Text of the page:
May 26, 2012 | 5 Comments
Recently, Jared asked:
The curious thing is that I can’t recall finding anything specifically related to birth control in my readings of the New Testament. Exactly what theological justification do anti-abortion activists cite? Something in the New Testament? Something in the Old Testament? The Ten Commandments, particularly the one that says “thou shalt not kill?”
A valid question, Jared. Let’s discuss.First, regular commenter R. Mowat notes that “[t]here is a lot of Christian belief and practice that is not explicit in the Bible itself. Indeed, this is a key reason why there are so many different Christian creeds and denominations.” This is significant; many people (myself included) do not see the bible as the absolute, 100% accurate word of God. The bible was written by humans who are (as argued in the Bible!) fallible. It’s neither perfect (as written/translated) nor exhaustive. What it truly is is a tool through which we hope to discern the message of God.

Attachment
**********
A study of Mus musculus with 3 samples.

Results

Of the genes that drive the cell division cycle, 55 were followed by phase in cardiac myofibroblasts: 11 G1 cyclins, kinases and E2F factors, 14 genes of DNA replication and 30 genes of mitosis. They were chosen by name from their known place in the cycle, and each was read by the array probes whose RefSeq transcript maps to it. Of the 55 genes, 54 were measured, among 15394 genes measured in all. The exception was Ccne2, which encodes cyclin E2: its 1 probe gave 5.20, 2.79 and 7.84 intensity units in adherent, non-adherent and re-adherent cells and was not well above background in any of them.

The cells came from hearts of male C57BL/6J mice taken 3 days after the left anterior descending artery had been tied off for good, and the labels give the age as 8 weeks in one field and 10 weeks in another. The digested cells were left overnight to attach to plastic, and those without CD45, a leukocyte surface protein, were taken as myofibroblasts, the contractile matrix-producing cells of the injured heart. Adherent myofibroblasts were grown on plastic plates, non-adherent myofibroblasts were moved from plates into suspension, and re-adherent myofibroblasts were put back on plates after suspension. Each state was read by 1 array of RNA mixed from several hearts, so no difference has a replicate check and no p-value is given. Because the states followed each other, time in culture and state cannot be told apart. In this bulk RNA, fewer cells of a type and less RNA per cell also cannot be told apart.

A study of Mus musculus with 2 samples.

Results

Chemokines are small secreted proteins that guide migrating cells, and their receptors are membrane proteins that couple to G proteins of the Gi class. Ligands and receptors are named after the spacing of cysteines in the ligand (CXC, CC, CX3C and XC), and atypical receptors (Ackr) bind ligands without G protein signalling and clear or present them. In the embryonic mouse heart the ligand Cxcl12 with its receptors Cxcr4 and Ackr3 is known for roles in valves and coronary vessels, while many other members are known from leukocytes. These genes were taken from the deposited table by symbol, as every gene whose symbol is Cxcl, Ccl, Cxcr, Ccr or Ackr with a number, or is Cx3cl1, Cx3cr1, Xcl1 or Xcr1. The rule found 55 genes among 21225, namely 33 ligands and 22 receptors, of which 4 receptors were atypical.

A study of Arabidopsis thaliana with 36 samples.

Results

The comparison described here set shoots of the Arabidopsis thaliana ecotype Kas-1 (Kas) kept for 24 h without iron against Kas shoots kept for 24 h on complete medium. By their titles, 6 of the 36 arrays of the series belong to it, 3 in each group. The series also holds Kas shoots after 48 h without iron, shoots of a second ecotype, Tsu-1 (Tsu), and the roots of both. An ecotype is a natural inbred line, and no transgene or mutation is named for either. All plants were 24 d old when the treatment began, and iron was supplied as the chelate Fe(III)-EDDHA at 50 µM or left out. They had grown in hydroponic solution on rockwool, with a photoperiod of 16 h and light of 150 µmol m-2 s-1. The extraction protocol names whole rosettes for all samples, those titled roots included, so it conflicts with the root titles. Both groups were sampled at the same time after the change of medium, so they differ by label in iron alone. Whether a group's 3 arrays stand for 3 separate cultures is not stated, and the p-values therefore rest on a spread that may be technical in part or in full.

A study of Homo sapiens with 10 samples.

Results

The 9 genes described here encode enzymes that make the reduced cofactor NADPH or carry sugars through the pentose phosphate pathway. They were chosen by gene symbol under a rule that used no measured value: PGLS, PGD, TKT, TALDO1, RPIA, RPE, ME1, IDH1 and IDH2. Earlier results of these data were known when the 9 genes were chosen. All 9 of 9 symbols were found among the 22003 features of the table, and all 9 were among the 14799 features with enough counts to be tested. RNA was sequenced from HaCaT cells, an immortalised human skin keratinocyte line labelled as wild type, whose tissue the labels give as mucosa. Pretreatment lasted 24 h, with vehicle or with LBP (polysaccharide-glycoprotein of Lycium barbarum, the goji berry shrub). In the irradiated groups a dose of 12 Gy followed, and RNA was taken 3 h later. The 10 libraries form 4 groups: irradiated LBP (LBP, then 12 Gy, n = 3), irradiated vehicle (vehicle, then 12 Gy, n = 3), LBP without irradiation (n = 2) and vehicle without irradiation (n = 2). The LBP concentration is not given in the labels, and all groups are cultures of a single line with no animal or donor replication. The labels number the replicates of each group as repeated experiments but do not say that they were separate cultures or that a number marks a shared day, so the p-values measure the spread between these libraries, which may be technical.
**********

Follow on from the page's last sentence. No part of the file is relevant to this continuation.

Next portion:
One needn’t even be acquainted with the Bible to be a Christian. God can speak to everyone, and he doesn’t assign a summer reading list.
But, let’s get back to the Bible itself. Jared is correct to point to ‘Though shalt not kill’. I’m not going to argue that abortion is murder, but if you believe (as the standard pro-life argument assumes) that a fetus is a person, then that commandment would apply. Of course, that’s an Old Testament thing, and if we’re looking for an explicit Christian thing, we’d probably want the New Testament to back it up.
In the New Testament, Jesus says something to the effect of ‘that which you do to the least of my children, you do to me’. So, again, let’s take as given that a fetus is a person. Can you think of someone who is more “least” than a fetus? A person who cannot survive unattached to another person would be the very type of person Christ was compelling us to care for.
Of course, if you’re not going to sign on to the fetus-as-a-person argument, then none of this would be persuasive, but that just brings us back to the elemental difference between pro-lifers and pro-choicers.
Oh, and I generally hate writing about abortion.